Fast, accurate and affordable DNA sequencing is the first step toward personalized medicine. Threading a DNA molecule through a tiny hole, called a nanopore, in a sheet of graphene allows researchers to read the DNA sequence; however, they have limited control over how fast the DNA moves through the pore. In a new study published in the journal Nature Communications, University of Illinois physics professor Aleksei Aksimentiev and graduate student Manish Shankla applied an electric charge to the graphene sheet, hoping that the DNA would react to the charge in a way that would let them control its movement down to each individual link, or nucleotide, in the DNA chain.
"Ideally, you would want to step the DNA through the nanopore one nucleotide at a time," said Aksimentiev. "Take a measurement and then have another nucleotide in the sensing hole. That's the goal, and it hasn't been realized yet. We show that, to some degree, we can control the process by charging the graphene."
The researchers found that a positive charge in the graphene speeds up DNA movement through the nanopore, while a negative charge stops the DNA in its tracks. However, as they watched, the DNA seemed to dance across the graphene surface, pirouetting into shapes they had never seen, specific to the sequence of the DNA nucleotides.
"It reminds me of Swan Lake," Aksimentiev said. "It's very acrobatic. We were very surprised by the variety of DNA conformations that we can observe at the surface of graphene when we charge it. There is one sequence that starts out laying down on the surface, and when we change the charge, they all tilt on the side like they are doing a one-armed push-up. Then we also have nucleotides that would lay back, or go up like a ballerina en pointe."
Aksimentiev hypothesizes that the conformations are so different and so specific to the sequence because each nucleotide has a slightly different distribution of electrons, the negatively charged parts of the atoms. There is even a visible difference when a nucleotide is methylated, a tiny chemical change that can turn a gene on or off.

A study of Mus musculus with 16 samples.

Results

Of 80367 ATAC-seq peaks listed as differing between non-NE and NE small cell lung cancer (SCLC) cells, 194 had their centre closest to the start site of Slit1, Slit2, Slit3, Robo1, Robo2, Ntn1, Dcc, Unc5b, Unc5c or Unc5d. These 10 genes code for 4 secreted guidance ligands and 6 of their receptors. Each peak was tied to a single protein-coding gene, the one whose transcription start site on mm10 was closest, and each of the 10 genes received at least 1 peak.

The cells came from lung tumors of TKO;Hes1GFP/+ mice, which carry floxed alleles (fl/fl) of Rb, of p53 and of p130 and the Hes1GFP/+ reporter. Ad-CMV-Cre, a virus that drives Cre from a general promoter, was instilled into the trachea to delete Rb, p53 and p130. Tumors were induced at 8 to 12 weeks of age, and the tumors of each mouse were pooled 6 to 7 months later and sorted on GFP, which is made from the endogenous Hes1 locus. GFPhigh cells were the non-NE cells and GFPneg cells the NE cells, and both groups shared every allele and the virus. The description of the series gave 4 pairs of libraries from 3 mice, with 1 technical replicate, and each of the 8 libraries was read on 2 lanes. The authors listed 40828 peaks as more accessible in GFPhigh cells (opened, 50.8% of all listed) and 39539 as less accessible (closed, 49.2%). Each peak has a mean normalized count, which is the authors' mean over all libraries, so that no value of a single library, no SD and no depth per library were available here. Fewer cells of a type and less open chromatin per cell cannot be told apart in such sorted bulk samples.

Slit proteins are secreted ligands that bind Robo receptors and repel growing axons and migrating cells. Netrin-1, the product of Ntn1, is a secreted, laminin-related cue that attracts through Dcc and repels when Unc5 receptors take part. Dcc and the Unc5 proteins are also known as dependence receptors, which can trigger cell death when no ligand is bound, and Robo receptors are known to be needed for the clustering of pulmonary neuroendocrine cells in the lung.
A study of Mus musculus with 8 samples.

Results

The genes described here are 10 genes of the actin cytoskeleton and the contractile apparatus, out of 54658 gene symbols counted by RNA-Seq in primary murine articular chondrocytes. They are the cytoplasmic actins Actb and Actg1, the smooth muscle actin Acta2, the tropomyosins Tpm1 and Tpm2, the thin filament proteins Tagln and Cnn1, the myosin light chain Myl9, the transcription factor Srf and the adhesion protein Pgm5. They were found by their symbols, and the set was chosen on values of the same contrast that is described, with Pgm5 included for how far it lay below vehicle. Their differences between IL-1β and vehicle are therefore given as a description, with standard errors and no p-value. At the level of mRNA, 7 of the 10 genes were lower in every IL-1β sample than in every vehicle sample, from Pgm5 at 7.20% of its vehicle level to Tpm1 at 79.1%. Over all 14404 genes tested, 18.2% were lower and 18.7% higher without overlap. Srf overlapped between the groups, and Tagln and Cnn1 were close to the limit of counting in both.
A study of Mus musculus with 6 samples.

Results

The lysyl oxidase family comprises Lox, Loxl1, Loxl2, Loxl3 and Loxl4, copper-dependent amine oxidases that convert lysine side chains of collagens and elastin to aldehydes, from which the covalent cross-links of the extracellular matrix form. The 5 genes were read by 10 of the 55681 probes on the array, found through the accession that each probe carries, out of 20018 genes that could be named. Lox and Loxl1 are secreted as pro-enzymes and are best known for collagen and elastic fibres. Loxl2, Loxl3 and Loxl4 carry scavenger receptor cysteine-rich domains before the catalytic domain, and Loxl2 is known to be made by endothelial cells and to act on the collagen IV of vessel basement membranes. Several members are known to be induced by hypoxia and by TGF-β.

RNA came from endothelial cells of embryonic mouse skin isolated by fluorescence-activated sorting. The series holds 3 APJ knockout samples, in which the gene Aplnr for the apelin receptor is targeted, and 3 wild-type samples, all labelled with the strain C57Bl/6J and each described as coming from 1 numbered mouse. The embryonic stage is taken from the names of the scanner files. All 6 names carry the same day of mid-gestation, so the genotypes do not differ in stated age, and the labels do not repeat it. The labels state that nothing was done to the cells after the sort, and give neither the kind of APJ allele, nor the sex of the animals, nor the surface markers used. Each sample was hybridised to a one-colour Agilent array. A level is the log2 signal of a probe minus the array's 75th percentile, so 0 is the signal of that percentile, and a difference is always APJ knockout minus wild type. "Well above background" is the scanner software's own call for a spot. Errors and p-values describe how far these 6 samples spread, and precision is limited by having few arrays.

"Because it's reversible, we can force it to adopt one conformation and then force it to go back. That's why we call it gymnastics," Aksimentiev said.
The researchers extensively used the Blue Waters supercomputer at the National Center for Supercomputing Applications, housed at the University of Illinois. They mapped each individual atom in the complex DNA molecule and ran numerous simulations of many different DNA sequences. Supercomputing power was essential to carrying out the work, Aksimentiev said.
"This is a really computationally intensive project," he said. "Having access to Blue Waters was essential because with the sheer number of simulations, we would not have been able to finish them. It would have taken too long."
The next step is to combine a charged nanopore setup with a sensor to build a DNA sequencing device that would incorporate both motion control and nucleotide recognition. The researchers also hope to explore the unexpected conformational changes for insights into epigenetics, the field that studies how genes are expressed and moderated.